Amazon Fire TV Users Might Lose HBO Access Very Soon

Amazon Fire TV users are likely to lose their HBO app on Aug. 1, according to a report by Variety. The presence or absence of certain streaming apps on certain streaming devices is the latest and most bitterly-fought front in the so-called "streaming wars." Fans may soon be asked to choose between their Amazon device and their HBO subscription.

HBO Max launched in May, and so far has not managed to strike a deal with Amazon or Roku to get its app on either of the streaming devices. This duo represents a considerable chunk of the market, but for WarnerMedia, there has at least been the concession of existing HBO Now and HBO Go apps on Amazon and Roku devices. That will change soon, however. Starting on Aug. 1, HBO Now and HBO Go apps will reportedly be simplified into a single HBO app. (HBO Max will remain separate.) While Roku has agreed to host this service, Amazon Fire TV still has not.

HBO Max is the new streaming service from parent company WarnerMedia, designed to compete with the likes of Netflix, Hulu, Disney+ and — of course — Amazon Prime Video. However, while it is branded with the familiar "HBO" name, HBO itself remains a separate cable channel, with a standalone streaming option available.

The issue with Amazon is reportedly not just the fact that the companies are now streaming competitors but is because of their past cooperation. HBO is currently available as an add-on to Amazon Prime Video as a "Prime Video Channel," and WarnerMedia has reportedly asked Amazon to remove this feature. Amazon is reluctant to do so, sources told Variety, leading to this current stalemate.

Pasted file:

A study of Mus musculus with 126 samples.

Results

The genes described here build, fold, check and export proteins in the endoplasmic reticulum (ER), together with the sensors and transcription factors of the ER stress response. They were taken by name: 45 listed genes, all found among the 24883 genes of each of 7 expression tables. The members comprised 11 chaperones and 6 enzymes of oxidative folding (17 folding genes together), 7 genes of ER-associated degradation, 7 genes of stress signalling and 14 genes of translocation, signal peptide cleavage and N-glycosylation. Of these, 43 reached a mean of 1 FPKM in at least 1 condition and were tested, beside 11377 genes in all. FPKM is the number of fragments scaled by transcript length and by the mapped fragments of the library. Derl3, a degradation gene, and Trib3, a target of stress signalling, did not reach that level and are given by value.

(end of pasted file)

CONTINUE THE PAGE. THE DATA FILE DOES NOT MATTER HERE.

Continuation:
As for Roku, the streaming device is happy to update its HBO Now app to the new, simpler HBO app, but it is not budging on HBO Max. However, Roku, too, does not want to give up its HBO channel. An insider said that this would give WarnerMedia the rights to valuable user data that Roku and Amazon now collect instead.

"They want to aggregate all this content into a central experience," the source said. "But Netflix is never going to do that. Hulu is never going to do that. HBO did that early on, and now Amazon and Roku have a real problem because if HBO is not in their channels that model falls apart."

While the two companies squabble for an agreement, users may be the most upset out of anyone in this arrangement. Many are furious that they cannot get access to this new and exciting platform on their existing device, or else they're angry that they signed up for the service without realizing they wouldn't be able to project it on their TV.


For the time being, many HBO Max users are adapting by watching the channel through a gaming console like the Playstation 4 or the Xbox One, or by investing in a new streaming device. Google's Chromecast and Apple's Apple TV have both agreed to let HBO Max onto their devices. Still, some are wondering if this fight between industry giants will hurt any of them in the eyes of consumers, and how public perception of these feuds will fuel the streaming wars going forward.